COLUMBIA — MU researchers have discovered that humans and plants respond to stress in similar ways, which could help scientists develop plants more resistant to stress that could lead to better crop yields.
Lead investigator Gary Stacey, doctoral student Jeongmin Choi and postdoctoral fellow Kiwamu Tanaka discovered a protein that binds to ATP (adenosine triphosphate), a high energy molecule that's vital to various life processes in both plant and animal cells.
"ATP is the currency of the cell," Stacey said.
The newly-discovered protein, referred to as P2K, is a receptor, meaning that it lives on the surface of cells and interacts with outside chemical signals.
While ATP has long been known to be involved in reactions that require energy, the discovery and study of P2K has provided evidence that ATP plays an additional role in stress response signalling.
With the help of ATP and receptors like P2K, plants are able to recognize when they are under stress and can begin repair and/or start mounting defenses against the thing that's causing them stress, such as a pathogen or insect, Stacey said.
"We believe ATP is the hidden stress signal," Stacey said.
Considering that stress from insects, pathogens and extreme weather are a major impediment to high crop yield, Stacey said that he believes the research could lead to development of more stress-resistant crops which in turn could lead to better yields.
Stacey said the research is still in its early stages but, he hopes to move on to studying similar receptors in crop plants in the future.
Humans also use ATP signaling to respond to stress, Stacey said.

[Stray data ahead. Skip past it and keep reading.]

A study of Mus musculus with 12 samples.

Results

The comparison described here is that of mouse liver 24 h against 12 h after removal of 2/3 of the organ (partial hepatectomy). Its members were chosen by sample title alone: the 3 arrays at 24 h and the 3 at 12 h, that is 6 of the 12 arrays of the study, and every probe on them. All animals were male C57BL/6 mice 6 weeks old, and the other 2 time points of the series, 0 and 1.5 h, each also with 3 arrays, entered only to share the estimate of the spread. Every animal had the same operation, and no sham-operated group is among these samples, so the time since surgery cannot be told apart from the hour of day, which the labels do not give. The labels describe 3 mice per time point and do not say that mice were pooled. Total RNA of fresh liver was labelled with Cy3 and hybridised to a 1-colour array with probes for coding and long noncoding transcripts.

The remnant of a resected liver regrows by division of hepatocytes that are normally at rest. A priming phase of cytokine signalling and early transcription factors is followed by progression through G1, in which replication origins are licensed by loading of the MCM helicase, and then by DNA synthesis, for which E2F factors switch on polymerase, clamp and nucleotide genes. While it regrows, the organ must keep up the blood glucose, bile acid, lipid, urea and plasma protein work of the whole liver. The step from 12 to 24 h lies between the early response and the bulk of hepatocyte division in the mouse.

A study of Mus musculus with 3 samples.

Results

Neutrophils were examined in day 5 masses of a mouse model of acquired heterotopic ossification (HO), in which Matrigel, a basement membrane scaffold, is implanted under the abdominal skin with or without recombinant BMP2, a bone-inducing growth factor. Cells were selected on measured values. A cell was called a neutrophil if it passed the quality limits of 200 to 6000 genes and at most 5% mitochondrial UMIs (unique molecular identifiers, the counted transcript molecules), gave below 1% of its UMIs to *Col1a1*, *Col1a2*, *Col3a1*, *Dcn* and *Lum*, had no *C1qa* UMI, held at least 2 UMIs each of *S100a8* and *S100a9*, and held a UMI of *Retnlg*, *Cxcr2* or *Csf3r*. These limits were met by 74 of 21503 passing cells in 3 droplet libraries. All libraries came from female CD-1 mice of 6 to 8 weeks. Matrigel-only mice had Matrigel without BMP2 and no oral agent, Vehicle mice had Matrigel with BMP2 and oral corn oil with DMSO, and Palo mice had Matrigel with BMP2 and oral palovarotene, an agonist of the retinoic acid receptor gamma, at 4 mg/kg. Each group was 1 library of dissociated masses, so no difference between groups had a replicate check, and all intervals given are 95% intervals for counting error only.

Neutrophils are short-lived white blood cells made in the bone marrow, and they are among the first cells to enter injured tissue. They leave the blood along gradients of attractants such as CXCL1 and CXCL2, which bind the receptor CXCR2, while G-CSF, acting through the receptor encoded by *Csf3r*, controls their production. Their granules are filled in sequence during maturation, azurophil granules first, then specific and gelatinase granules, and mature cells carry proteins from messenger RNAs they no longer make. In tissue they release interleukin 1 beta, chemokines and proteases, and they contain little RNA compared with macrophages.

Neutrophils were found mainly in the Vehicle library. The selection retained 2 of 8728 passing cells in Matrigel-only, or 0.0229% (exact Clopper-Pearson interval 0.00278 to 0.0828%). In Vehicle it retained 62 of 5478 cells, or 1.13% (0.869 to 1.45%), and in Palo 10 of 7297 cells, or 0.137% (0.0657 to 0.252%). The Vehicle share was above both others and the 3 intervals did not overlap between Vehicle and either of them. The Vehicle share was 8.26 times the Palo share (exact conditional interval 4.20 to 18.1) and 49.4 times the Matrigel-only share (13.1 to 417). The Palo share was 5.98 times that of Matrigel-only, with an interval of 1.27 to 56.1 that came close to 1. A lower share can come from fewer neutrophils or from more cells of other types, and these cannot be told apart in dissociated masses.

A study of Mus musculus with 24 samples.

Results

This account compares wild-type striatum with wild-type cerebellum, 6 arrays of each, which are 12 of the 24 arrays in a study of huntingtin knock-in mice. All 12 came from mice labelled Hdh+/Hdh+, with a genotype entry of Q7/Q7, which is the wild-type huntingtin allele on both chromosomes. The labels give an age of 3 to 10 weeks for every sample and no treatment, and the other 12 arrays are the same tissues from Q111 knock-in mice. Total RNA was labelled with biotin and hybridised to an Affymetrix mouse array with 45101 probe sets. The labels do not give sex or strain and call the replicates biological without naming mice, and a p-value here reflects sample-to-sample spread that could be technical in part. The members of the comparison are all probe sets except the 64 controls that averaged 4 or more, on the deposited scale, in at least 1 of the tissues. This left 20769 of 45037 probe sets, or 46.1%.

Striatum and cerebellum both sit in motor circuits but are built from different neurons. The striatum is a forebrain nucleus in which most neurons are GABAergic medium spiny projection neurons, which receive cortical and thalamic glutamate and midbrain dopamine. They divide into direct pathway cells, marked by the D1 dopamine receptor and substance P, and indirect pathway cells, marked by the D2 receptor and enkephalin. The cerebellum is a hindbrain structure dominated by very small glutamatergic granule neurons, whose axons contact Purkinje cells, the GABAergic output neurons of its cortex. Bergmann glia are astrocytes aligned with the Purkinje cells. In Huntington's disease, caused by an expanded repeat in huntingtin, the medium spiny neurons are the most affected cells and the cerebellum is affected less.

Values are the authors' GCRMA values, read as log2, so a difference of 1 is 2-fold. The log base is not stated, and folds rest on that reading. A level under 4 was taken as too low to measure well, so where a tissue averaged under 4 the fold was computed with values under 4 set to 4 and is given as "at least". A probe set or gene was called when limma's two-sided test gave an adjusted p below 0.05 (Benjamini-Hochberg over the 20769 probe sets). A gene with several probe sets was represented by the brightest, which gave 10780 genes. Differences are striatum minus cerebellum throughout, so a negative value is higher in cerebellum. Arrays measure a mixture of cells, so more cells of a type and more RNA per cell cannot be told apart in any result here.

"When you cut your hand, the tissue around your cut gets red, and then after a while the cut will heal," he said. "That redness is part of the so-called inflammatory response and is, in part, due to the release of extra-cellular ATP."
Research on ATP found outside cells was initially met with skepticism, Stacey said, because people could not understand why cells would ever release such a vital source of energy.
"It's like you're taking dollar bills and just throwing them around, you know, it just didn't make a lot of sense to people," Stacey said.
After the first ATP receptors in animals were identified and cloned in the early 1990s, skepticism diminished and there was a huge expansion in ATP research, Stacey said, noting that there are now hundreds of lab studies in the field. He said he hopes that the researchers' success in cloning the first plant ATP receptor will help dispel similar skepticism within the plant field.
"Just like in the nineties when the first receptors were cloned in animals, we think we've cloned an ATP receptor in plants that will make people think differently," Stacey said.
Supervising editor is Elise Schmelzer.